Missing links in supply chains hold secret of next big cost savings
Fine-tuning their supply chain could achieve up to 35 per cent reduction in total costs and give Australian manufacturers millions of dollars in financial benefits, according to Rob O’Byrne, managing director of Logistics Bureau in Australia.
He describes it as the next big breakthrough, particularly for manufacturers who believe their operations are already as productive as possible.
It is, he says, the next step for companies which have successfully accepted successive cost-saving wisdoms – they’ve modernised their production line when that was the thing to do, revitalised their marketing, outsourced everything in sight, and are now asking themselves: “Where do we go now?”
He says the supply chain can produce greater benefits than all these tactics because finding out how to remove or realign a single link in one’s supply chain produces savings in three areas – inventory, transport, and storage.
“Just by improving a single link in the chain so that the final seller is never overstocked nor out of stock dramatically increases profits,” he says.
About 60 – 70 per cent of manufacturers outsource some of their warehousing and distribution to third-party logistics providers (3PLs) ranging from giants such as TNT, Mayne, and Toll to local delivery firms.
We have figures showing the warehousing sector alone produces in excess of $1.5 billion-a-year so the national total spent by industry on that could be as high as $2.5 billion.
But to achieve a significant supply chain improvement means a manufacturer or retailer needs to:
- Increase their levels of information sharing.
- Place a huge degree of trust in those upstream and downstream from themselves
- Agree to longer-term relationships with their suppliers and customers
- Have the technology to exchange this information
- Establish leak-proof security of information.
INFORMATION-SHARING means a retailer telling his distributer what his year’s promotional programme will be so that he has stock to satisfy promotional demand. The distributer in turn can tell his manufacturer when his peak periods will be; and the manufacturer in turn can plan his demands on the supplier for raw materials and components.
By sharing this kind of information one avoids the whiplash effect whereby a one-off week of high special-fuelled retail sales creates a surge of over-supply all the way upstream where it is misinterpreted as a signal of on-going demand.
The TRUST comes into it in being able to rely on those on either side of you in the chain not using your information to leverage their sales. Eg A distributer telling a rival retailer that they’d better stock up for next month because they know you’re having a sale.
Organising your supply chain can’t be done on a month-to-month basis so pricing and other trading agreements need to be LONG-TERM.
The TECHNOLOGY can be as simple as a fax machine or as complex as point-of-sale bar-code readers relaying information all the way back upstream.
SECURITY goes beyond honesty and good intentions. It means things like promotion houses’ work-in-progress for other clients and warehouse stock levels being concealed from visitors.
If one takes the outbound cost of logistics at each level of the supply chain as representing 5 – 7 per cent of sales, a company with sales of $100 million would be spending up to $700,000 or up to $7 million in the case of a billion-dollar sales output.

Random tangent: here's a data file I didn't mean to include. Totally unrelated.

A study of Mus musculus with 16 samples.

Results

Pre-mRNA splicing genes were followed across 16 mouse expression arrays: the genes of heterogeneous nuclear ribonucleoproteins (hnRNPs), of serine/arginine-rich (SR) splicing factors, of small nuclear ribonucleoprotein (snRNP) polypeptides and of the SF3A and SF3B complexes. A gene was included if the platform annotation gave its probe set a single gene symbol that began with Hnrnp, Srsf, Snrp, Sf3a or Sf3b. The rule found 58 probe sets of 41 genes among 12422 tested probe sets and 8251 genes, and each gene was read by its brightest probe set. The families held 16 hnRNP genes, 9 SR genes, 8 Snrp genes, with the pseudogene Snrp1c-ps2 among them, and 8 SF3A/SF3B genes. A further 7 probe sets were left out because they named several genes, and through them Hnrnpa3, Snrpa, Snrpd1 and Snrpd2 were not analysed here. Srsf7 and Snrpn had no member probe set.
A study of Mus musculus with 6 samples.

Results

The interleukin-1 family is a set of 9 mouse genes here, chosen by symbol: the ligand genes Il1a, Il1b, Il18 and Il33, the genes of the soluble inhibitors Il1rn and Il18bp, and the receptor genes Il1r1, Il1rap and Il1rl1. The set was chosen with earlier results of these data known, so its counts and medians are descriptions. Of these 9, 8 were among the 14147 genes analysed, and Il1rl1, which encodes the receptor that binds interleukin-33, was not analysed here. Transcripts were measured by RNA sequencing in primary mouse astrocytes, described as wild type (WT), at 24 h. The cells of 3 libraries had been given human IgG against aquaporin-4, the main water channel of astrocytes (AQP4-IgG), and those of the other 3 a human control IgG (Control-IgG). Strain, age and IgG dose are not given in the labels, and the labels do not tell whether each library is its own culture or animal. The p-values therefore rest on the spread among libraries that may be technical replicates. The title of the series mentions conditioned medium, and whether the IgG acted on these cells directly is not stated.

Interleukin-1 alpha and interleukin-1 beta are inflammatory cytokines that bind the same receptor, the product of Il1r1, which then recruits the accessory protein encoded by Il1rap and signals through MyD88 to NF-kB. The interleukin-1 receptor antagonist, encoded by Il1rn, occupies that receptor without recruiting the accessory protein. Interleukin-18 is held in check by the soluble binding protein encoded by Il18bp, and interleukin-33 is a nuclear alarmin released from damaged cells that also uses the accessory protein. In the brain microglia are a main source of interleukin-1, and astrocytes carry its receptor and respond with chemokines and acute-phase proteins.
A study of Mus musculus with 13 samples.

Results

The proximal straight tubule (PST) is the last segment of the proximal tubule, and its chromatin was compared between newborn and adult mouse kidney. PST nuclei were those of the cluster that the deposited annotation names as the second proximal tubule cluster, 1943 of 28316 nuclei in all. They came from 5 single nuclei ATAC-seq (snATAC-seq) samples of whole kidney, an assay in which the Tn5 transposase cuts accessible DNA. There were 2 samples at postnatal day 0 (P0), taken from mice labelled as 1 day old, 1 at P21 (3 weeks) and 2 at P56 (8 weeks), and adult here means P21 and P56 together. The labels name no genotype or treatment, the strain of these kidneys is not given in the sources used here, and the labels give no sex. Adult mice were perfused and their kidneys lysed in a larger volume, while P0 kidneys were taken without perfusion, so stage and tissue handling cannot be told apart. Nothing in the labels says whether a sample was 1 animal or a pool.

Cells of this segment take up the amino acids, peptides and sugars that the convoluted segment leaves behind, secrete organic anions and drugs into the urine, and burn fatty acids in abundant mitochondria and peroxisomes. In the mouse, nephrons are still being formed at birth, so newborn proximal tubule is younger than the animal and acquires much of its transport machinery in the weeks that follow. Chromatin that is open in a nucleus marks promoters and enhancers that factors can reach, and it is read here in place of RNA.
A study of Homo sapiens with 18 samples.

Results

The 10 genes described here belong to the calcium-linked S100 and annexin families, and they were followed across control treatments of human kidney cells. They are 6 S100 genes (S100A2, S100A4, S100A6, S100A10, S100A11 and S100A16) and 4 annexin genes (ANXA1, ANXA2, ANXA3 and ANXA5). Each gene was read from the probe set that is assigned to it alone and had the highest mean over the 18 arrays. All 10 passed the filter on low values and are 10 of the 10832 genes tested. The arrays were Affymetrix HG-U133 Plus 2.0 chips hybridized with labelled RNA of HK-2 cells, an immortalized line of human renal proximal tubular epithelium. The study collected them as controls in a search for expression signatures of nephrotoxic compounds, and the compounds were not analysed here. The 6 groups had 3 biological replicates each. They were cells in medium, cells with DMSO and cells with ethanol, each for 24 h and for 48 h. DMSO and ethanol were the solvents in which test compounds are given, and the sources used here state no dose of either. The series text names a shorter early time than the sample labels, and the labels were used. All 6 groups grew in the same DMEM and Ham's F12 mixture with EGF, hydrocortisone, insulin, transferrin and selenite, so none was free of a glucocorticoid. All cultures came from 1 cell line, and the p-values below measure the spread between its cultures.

Fine-tune the supply chain to reduce that spend by 30 per cent and you’re looking at a cost saving of between $1.5 million and $2.1 million. If you’re working on a gross profit of 50 per cent that represents anywhere between $3 million and $4 million extra sales!
Logistics’ efficiency is vital when rival proprietary products rely on competing supply chains.
Examples of competing supply chains could be the electric battery and frozen chicken markets . You want an Eveready or a Steggles and you’re retailer is out of stock, then it’s very easy to buy a Duracel or an Inghams. It matters naught to the retailer; the responsibility comes back to the managers of the supply chains involved.
“Considered in that light it’s easy to understand why the supply chain is a force multiplier – doing it right produces benefits much greater than the effort required.”
Rob O’Byrne quotes the paint industry as one in which re-engineering of the entire supply chain has had such an effect on the entire industry that it must have saved billions of dollars.
Now almost all paint is manufactured white,” he says “until the last minute when the colour is added to suit the final customer’s choice.
Another revolution almost on that scale is in the computer industry with the arrival of the so-called vanilla computer.
Retailers stock the basic box which is customised at the counter to fit the memory, drives, and other peripherals needs of the buyer. Customers tailor their own PCs just as they do their cans of paint.
In Australia so far the automotive and IT industries are leading the improvement in supply-chain management.
And the big grocery retailers such as Coles and Woolworths are getting better at it all the time.
In a few months the pharmaceuticals industry will see API’s new plant at Sydney come on-line with state-of-the-art logistics.
Hardly any business sector cannot benefit from improved logistics: Bangkok Dusit Medical Services recently engaged Logistics Bureau to help improve its supply chain which plays an important role in the group’s consolidating of hospitals and spearheading private health care development in Thailand.
“In Australia about 75 per cent of manufacturers could significantly reduce costs and improve their product lines by taking a close look at their supply chains.”